Time. It flies. It waits for no man. It cannot be slowed, rushed, hurried or stopped. It silently, relentlessly ticks off its measured, irretrievable increments. Its perpetual motion cannot be stalled. Its pendulum just keeps swinging. There is seldom enough of it. It is indifferent too. It consumes life without feeling. It cares not when we look wistfully back and see the relentless loss of life in time’s wake. We cannot stop it. So, please, don’t ask me to do one more time/life consuming thing.
As a busy ADD Minister of the Gospel I find the nature of time quite frustrating. It is finite. There is so much to do. No matter how hard I milk a day for more minutes I only get 1440. Don’t waste a minute calculating this number–I’ve already wasted too many minutes doing it three times. We only get 1440 minutes a day. But, life, like time is also finite. At my current life stage, I experience a fairly constant conscious mixing of aging with time’s finite nature. This leaves me feeling cramped, bound. I am ever more aware of my life, my time passing away. It is beginning to get personal. So, please, don’t ask me to do one more time/life consuming thing.
The heart heavy pressure of fleeting, fleeing time/life is inescapably with me. I usually cringe when someone suggests there is one more thing I should do. I have learned to ignore most of these suggestions. I know I cannot do what everyone says I should do. So, even if you ask, I may not spend time doing what you think I should.
But, recently, a general newsletter sent to thousands suggested there was an activity I should spend my life and time doing. The author of the newsletter even suggested I could not delegate this activity. I came face to face with some-one’s should I could not avoid or delegate. I did not even cringe. I adopted his suggestion as mine and share it with you. The newsletter came from the keyboard of Marshal Shelly, the Editor in Chief of Leadership. Want to know why I listened to Marshal without trying to avoid his time/life consuming suggestion?
Mr. Shelley and I were at a small gathering or Christian Leaders two or three years ago. The second morning of the meeting I wandered wearily into the motel coffee shop to sample the breakfast offerings. Having spoken the night before my soul was troubled with the familiar shame attack stuff. Inside I was telling myself what I should have said and what I should not have said. I felt pangs of shame because I was realizing I had spoken too plainly; been to self-revealing. I had not been professional enough. I should have been less forceful. These self-loathing thoughts swirled in my interior as I looked for a breakfast booth. Suddenly, Marshall, already seated, waved inviting me to join him for breakfast. I sat down. He thanked me for what I had said the night before, spoke of his own journey and told me of the Arizona adventure he anticipated at the end of the week with his teen age son. He talked, asked questions, listened. He just plain treated me like peer.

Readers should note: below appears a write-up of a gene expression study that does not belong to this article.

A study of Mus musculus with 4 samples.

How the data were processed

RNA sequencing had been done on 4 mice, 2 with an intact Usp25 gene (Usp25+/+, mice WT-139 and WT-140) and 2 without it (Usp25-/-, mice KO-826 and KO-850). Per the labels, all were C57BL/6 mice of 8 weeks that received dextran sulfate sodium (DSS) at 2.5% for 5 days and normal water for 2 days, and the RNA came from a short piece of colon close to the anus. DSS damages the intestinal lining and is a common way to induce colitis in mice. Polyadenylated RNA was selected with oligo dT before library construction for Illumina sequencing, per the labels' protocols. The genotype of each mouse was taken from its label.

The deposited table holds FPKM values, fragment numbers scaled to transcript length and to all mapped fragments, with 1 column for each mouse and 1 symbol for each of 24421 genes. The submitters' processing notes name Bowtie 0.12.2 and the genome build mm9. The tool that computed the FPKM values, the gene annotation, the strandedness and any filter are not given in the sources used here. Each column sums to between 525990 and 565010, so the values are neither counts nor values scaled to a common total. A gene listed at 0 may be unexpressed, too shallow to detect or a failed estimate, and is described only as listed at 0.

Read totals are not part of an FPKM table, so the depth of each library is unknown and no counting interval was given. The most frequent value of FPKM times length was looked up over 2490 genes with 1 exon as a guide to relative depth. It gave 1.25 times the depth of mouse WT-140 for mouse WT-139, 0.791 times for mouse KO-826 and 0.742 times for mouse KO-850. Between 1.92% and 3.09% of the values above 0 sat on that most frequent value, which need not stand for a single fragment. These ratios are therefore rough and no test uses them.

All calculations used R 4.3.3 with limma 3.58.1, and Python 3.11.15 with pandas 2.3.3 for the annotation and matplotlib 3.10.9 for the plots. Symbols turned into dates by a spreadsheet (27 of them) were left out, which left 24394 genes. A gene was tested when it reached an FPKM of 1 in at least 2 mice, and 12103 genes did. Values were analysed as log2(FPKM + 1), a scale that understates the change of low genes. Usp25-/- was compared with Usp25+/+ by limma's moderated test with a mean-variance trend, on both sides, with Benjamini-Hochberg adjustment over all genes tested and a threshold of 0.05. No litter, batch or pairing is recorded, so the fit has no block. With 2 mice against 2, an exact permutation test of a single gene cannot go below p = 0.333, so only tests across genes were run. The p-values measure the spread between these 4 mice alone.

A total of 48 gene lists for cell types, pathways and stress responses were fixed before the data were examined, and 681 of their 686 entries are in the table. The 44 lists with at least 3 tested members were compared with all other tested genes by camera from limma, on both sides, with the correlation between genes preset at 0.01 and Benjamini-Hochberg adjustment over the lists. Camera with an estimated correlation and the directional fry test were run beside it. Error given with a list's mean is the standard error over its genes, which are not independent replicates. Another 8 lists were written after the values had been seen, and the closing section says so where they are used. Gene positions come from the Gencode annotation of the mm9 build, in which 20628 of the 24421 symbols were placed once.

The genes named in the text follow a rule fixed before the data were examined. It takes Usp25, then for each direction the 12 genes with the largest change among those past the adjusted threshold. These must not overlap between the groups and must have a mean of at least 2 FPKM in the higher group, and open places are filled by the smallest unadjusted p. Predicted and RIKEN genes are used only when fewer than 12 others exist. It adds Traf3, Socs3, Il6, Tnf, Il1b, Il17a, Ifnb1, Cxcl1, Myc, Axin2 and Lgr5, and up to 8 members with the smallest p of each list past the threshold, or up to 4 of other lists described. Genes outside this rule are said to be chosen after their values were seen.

Since then his newsletters regularly cross my desk. I always gladly use minutes of my finite time to read them. I find these newsletters a profitable use of my time and life. Because of my personal experience of Marshall the man and my regular interaction with his pen I have come to trust Marshall Shelly. Because I trust him I believe his suggestion is so completely worthy of my time and yours I pass it on to you. Here is part of his email newsletter.
There’s one task no leader can delegate. And that’s to make sure you continue learning. Only you can attend to your ongoing development spiritually and professionally.
That’s why Leadership created The Golden Canon, the year’s most valuable books for church leaders. Anyone who’s gone to seminary knows that Canon means “list,” and our list of winners was selected by a diverse group, our contributing editors, who chose the best in two categories: (1) The Leader’s Inner Life and (2) The Leader’s Outer Life.
The finalists are announced here. We commend this list to you to continue to develop your leadership, inside and out. I just finished reading the top choice in the Inner Life category, and I must admit, I’m challenged and moved by the theologically-informed life of obedience in that biography.
Grace, strength, and joy,
As I reviewed the Golden Cannon, I went immediately to the books on the Leader’s Inner Life. I was stunned. I had not read one of them. Sara and I listened to a Focus on the Family presentation on Bonhoeffer’s life but I’ve never read his biography. Amazon here I come. I’ve recently reread Brother Andrew’s Practicing the Presence of God and am currently reading The Imitation of Christ by Thomas A Kempis. I cannot believe how much I find myself loving these classics. But, Marshal has encouraged me to more fully accept the responsibility for my own education. I cannot delegate this. It is a great way to spend my time and my life.
If you have not taken our poll on the reading habits of Ministry Professionals I invite you to do so.